Find out how a dead man gave his will through text messages
A dead man’s unsent text message leaving his home and pension to his brother rather than his wife and son and signed off with a smiley face emoji has been ruled a legitimate will by an Australian court.
The draft message, addressed to the man’s brother, was found on his phone after he took his own life in October 2016, aged 55.
“The informal nature of the text does not exclude it from being sufficient to represent the deceased’s testamentary intentions,” said Justice Susan Brown when handing down her decision at the Brisbane Supreme Court.
The unsent text released by the court described how the man had become disgruntled with his wife.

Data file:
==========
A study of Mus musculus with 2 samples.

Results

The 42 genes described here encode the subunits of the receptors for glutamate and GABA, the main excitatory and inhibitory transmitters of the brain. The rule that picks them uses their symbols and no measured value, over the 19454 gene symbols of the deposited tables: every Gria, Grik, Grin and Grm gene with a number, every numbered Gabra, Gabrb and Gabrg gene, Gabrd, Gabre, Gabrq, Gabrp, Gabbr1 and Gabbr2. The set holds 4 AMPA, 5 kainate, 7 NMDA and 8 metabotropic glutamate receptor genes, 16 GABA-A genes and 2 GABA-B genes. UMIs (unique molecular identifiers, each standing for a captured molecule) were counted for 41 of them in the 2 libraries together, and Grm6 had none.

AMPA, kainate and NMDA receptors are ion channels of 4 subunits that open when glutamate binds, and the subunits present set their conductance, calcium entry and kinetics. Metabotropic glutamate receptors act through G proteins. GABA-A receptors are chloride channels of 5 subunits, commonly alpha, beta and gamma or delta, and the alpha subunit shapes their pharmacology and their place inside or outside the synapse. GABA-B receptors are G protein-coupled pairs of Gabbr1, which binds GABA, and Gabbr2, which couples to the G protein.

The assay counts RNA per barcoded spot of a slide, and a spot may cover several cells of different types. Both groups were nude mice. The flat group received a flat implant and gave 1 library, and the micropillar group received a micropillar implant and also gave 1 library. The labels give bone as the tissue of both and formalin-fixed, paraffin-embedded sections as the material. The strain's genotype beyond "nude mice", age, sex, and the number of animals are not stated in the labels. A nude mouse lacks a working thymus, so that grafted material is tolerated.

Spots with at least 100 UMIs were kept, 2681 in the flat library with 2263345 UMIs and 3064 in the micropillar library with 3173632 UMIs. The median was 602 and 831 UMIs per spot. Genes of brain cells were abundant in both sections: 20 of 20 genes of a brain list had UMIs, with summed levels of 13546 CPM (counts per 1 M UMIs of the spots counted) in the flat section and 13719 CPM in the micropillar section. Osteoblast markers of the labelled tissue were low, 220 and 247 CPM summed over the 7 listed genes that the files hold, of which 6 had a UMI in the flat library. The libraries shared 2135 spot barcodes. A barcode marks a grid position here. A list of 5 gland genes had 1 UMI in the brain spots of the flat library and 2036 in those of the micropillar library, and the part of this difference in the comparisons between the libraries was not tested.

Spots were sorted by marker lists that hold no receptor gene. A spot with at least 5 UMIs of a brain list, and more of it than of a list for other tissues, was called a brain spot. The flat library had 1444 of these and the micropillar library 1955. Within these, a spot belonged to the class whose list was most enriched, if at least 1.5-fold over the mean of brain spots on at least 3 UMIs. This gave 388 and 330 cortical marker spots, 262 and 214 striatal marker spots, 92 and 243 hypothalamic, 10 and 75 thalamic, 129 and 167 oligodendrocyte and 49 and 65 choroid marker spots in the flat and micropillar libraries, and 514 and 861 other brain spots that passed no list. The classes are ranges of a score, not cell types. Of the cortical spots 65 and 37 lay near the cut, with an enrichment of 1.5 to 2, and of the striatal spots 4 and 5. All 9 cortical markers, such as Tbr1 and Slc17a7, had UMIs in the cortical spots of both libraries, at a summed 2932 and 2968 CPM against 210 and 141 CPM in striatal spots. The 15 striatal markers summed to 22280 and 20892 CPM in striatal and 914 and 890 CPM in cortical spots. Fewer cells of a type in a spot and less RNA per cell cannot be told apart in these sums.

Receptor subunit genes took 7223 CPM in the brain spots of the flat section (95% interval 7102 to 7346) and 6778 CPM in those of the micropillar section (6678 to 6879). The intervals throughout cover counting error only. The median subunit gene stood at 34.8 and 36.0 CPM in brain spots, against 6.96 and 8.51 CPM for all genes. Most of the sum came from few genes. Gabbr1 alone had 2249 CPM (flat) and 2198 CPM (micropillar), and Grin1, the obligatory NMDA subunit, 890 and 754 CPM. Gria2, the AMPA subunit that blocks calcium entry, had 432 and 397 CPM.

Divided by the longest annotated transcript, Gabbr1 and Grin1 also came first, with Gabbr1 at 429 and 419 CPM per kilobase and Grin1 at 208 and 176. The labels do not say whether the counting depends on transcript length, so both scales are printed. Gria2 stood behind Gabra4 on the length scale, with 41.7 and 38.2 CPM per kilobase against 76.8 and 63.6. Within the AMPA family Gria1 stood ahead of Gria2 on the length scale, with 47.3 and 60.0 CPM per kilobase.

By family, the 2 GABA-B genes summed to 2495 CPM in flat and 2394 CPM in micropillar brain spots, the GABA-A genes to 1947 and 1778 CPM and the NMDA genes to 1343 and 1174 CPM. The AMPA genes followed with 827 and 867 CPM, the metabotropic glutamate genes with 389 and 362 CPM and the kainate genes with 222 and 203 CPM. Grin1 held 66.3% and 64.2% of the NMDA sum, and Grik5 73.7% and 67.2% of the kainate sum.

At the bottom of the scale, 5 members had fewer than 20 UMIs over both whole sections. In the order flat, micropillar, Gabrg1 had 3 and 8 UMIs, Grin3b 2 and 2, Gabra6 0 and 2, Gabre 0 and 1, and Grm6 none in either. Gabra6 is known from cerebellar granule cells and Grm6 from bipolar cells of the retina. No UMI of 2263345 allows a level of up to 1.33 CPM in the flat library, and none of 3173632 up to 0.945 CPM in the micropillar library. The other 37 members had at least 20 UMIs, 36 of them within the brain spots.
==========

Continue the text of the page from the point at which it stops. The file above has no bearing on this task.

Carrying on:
“You and (nephew) keep all that I have house and superannuation, put my ashes in the back garden… (wife) will take her stuff only she’s ok gone back to her ex AGAIN I’m beaten,” it read.
The message provided the man’s bank account details and was signed off “My will”, followed by the smiling character.
The man’s wife argued that it could not be accepted as a will since the message was never sent, but the court found Monday that the wording of the text indicated the man’s intent to have it included in his will.
“The reference to his house and superannuation and his specification that the (wife) was to take her own things indicates he was aware of the nature and extent of his estate, which was relatively small,” Brown added.
The court said the deceased did not have any real contact with his son and a “rocky” relationship with his wife, although they did in the past enjoy “happier times”.
Despite the ruling, the judge found that the man’s wife could make a further application for the estate under family law.